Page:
A multi-purpose arts venue with track record of adapting to change
Marcus Lilley writes about the reopening of Riverside Studios.
“Our digital ambition will be to help bring the work of arts organisations around the country to new audiences. Riverside will support the turning point in how audiences experience performing arts using all forms of modern technology.”
This is a statement of intent from the newly rebuilt Riverside Studios in London ahead of its reopening in 2018. As a multi platform arts venue that has adapted throughout its existence to the new artistic challenges of the time, it seems befitting to illustrate it as an example of the new artistic challenges that digital technologies such as Virtual Reality.
History of Riverside Studios
Located on the River Thames in London, The Riverside Studios began life as a film studio when the Triumph Film Company moved into a former industrial warehouse in the early 1930’s. In 1954 the studio was acquired by the BBC and became known as the BBC Riverside Studios notable productions that were made there included early episodes of Doctor Who and the rooftop camera position was pivotal in the coverage of the University Boat Race between Oxford and Cambridge.
Theatre Director, Playwright and Actor Peter Gill was appointed as the venue’s first artistic director in 1976 and the venue soon became known as a hotbed for acclaimed theatre and dance productions as well as an emerging gallery. A notable first also occurred in 1982 as the venue was chosen for the launch party for the infant Channel 4.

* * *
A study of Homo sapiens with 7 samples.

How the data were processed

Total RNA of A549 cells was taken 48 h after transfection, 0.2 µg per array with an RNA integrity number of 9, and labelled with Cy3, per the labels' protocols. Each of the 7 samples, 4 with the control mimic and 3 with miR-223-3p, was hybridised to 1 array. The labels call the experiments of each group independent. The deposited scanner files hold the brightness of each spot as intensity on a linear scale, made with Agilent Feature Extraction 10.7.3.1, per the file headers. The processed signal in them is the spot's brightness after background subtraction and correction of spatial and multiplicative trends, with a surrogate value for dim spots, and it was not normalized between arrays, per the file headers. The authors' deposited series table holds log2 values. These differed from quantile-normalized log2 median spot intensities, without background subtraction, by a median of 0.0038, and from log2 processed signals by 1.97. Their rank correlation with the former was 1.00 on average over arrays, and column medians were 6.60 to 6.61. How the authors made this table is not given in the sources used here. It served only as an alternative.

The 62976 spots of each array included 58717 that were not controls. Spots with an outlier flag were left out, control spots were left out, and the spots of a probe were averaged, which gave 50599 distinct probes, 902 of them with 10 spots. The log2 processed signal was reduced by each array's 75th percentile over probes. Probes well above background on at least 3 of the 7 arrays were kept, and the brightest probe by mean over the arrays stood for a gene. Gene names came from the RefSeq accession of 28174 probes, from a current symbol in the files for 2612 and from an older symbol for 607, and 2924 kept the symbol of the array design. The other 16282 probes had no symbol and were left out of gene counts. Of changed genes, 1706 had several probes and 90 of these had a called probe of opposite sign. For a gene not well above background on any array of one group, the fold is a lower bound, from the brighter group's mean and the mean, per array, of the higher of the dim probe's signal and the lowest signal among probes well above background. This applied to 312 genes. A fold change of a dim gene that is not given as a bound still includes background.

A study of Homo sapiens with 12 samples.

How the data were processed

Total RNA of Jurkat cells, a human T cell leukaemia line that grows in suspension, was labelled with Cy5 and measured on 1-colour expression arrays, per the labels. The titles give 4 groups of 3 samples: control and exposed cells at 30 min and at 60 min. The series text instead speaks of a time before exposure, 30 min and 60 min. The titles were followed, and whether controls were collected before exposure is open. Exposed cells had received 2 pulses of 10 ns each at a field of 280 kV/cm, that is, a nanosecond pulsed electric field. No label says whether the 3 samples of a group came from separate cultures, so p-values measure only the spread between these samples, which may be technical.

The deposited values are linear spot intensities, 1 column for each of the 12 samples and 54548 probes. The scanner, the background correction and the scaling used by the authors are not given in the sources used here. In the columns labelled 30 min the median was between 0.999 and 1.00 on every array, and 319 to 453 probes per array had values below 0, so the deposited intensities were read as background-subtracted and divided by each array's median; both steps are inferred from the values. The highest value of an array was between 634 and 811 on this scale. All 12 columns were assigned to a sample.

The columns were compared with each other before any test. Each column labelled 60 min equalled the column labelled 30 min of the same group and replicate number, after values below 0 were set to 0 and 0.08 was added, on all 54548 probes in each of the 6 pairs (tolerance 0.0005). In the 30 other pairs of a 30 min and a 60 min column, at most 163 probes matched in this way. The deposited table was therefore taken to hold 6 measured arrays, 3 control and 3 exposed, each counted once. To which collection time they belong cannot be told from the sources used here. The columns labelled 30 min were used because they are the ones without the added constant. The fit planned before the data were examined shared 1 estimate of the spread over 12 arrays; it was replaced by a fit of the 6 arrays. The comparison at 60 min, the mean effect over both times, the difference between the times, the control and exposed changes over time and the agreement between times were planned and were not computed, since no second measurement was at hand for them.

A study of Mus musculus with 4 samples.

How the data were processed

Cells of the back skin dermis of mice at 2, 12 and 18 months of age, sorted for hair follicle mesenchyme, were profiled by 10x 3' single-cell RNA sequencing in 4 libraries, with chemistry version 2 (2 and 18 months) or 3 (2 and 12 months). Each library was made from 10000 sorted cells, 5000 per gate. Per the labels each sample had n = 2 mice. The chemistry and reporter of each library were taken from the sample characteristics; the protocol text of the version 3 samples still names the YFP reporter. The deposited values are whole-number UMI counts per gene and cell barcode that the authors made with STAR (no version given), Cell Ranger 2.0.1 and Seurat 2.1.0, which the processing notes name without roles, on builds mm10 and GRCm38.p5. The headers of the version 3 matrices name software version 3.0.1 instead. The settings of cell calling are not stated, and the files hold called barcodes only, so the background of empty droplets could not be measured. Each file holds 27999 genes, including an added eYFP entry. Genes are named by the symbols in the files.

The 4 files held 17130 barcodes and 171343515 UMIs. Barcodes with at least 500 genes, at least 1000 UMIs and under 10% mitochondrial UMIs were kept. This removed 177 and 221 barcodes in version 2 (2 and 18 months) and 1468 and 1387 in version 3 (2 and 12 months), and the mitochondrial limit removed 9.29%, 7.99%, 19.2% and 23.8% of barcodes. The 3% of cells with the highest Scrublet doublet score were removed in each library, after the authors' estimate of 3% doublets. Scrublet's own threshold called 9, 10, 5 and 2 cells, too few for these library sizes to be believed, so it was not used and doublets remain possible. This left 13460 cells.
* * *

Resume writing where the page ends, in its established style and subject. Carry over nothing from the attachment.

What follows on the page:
In late 1990’s a decision was taken to adapt the space for commercial television use and soon it became home to a number of notable television programmes including The Apprentice: You’re Fired!, Celebrity Juice and Russell Howard’s Good News. Developments in relationships with established experimental theatre companies such as Theatre de Complicite and The Wooster Group followed as well.
As well as developing relationships with Edinburgh Digital Entertainment Festival, The Riverside Studios have also been involved with a commissions by the BBC / Arts Council England backed The Space. Productions have included Raz by Jim Cartwright and In the Land of our Fathers which is going to be streamed on BBC Arts Online on Monday 14th November a collaboration between Wales Millennium Centre, Theatre503 and Tara Finney Productions. Watch the trailer below:
The Riverside Studios closed in 2014 for demolition is due to reopen in 2018.
“Digital is one of those strange words. It is something everybody wants to engage with, yet very few people know what to do with it. We wanted to look at where the industry is now and think about where it might be going in the future”, says current artistic director of the Riverside Studios William Burdett-Coutts.
This article is not singling out The Riverside Studios for specific praise, rather it is to illustrate that in order to develop our artistic investigations in the use and power of new technologies we need to focus our efforts. A multi purpose arts venue with a history and track record of responding and adapting to change helps our endeavours. Obviously technology is disrupting our ways of working on a day to day level and is not an isolating occurrence, the development of ideas, experimentation with artistic endeavours and assessing the communication needs a home. Platforms such as The Space illustrate the need for a presence where artists, disruptors and innovators can go and make the sort of groundbreaking artistic work using technology that we all want to see.